Senate Candidates Show Sense Of Humor At St. Patrick’s Day Breakfast



U.S. Reps. Edward Markey and Stephen Lynch joke with the crowd during the annual St. Patrick's Day breakfast in South Boston, Sunday, March 17, 2013. (Steven Senne/AP)

The race for the U.S. Senate descended on the St. Patrick’s Day breakfast in South Boston Sunday, giving the candidates an opportunity to show off their sense of humor.

The breakfast is home turf for Congressman Stephen Lynch, of South Boston. When he was Southie’s state senator, he hosted the event. On Sunday, it was his chance to be gracious to his opponent in the Democratic primary, Congressman Ed Markey, of Malden — and he was. Lynch went over to Markey at one point to talk to him.

And then it was time to try to be funny. Lynch went first.

“After Ed Markey announced his candidacy for the U.S. Senate, four elected officials from his district announced their candidacy for his seat, but when I announced my candidacy for the United States Senate, not a single elected official in my district announced their candidacy for my seat. So to all my elected officials in my district, I want to thank you for your confidence,” Lynch said.

Markey recognized that he was in Lynch’s territory.

“I wanted to introduce you to my South Boston coordinator, but he is in a witness protection program at an undisclosed location,” Markey said. “That’s about the extent to which I can get support here in Southie.”

Sen. Elizabeth Warren, spoke at the annual breafkast as Boston City Councilor Bill Linehan, left, and U.S. Rep. Stephen Lynch, right, applaud, Sunday, March 17, 2013. (Steven Senne/AP)

Sen. Elizabeth Warren spoke at the annual breakfast Sunday. (Steven Senne/AP)

U.S. Sen. Elizabeth Warren took digs at the Republican candidates in the race, including state Rep. Dan Winslow, of Norfolk.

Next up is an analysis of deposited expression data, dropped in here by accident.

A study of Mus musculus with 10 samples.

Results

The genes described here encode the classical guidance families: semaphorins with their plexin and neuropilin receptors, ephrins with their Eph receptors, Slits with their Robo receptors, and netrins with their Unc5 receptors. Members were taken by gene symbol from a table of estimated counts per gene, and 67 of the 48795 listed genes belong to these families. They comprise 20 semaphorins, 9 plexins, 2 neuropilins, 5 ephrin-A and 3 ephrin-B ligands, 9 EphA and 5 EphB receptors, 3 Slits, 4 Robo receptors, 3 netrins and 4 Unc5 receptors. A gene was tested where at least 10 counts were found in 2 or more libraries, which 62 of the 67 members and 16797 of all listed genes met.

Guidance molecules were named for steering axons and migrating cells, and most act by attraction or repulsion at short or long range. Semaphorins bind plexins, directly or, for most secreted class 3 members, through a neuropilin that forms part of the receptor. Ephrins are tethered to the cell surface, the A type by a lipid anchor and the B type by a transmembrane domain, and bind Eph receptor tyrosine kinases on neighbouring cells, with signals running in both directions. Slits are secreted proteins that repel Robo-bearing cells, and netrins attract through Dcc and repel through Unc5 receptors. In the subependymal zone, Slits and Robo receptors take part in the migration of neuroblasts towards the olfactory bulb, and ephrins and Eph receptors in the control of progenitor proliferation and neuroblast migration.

“I advise everyone to pay very close attention to Dan Winslow’s platform,” Warren said. “He has a 100 percent ranking from the gun lobby and he’s for the legalization of marijuana. He wants us armed and stoned.”

Winslow was the only Republican Senate candidate invited to the event. He said he was asked to speak but declined. Still, as the event was getting under way, he proved to reporters that he did come armed with jokes.

“Elizabeth Warren was finally right,” Winslow said. “Last year, she went around the state saying, ‘People are getting hammered. People are getting hammered. People are getting hammered.’ As I look around Boston today on South Boston on St. Patrick’s Day, people are getting hammered.”

The other two GOP Senate candidates — Cohasset private equity manager Gabriel Gomez and former U.S. Attorney Michael Sullivan — were not invited to the event. Organizers say it was because they didn’t ask, to which a spokeswoman for Sullivan replied that it’s “quite uncouth to ask for an invitation anywhere!”

Last week was a rough one for Gomez, the newcomer to politics. He promised at a forum that he would release the letter (PDF) he wrote to Gov. Deval Patrick asking the governor to appoint him as interim senator when John Kerry resigned. True to his word, Gomez released the letter, and when he did opened himself up to criticism for reaching out to a Democratic governor.

At the breakfast Sunday, Warren took a dig at Gomez.

“I’m sorry that I don’t have any advice for Gabriel Gomez, because I always support my fellow Democrats,” Warren said.

Gomez said he and Sullivan probably did not get invited to the breakfast because they probably have funnier jokes. Gomez told his own at the Republicans’ breakfast in Scituate instead.

“The one that got the best laugh was: Everybody knows I’m a Navy SEAL, and they assume that I’m some kind of really tough guy, but I’m just like everybody else,” Gomez said in a phone call to WBUR. “I wake up every morning at 5:30. I read the paper. I eat a couple of snakes, I get water-boarded and I go to work.”

In Massachusetts on St. Patrick’s Day, part of the work of a politician is to brave the audience and take the chance that they may not laugh at your jokes.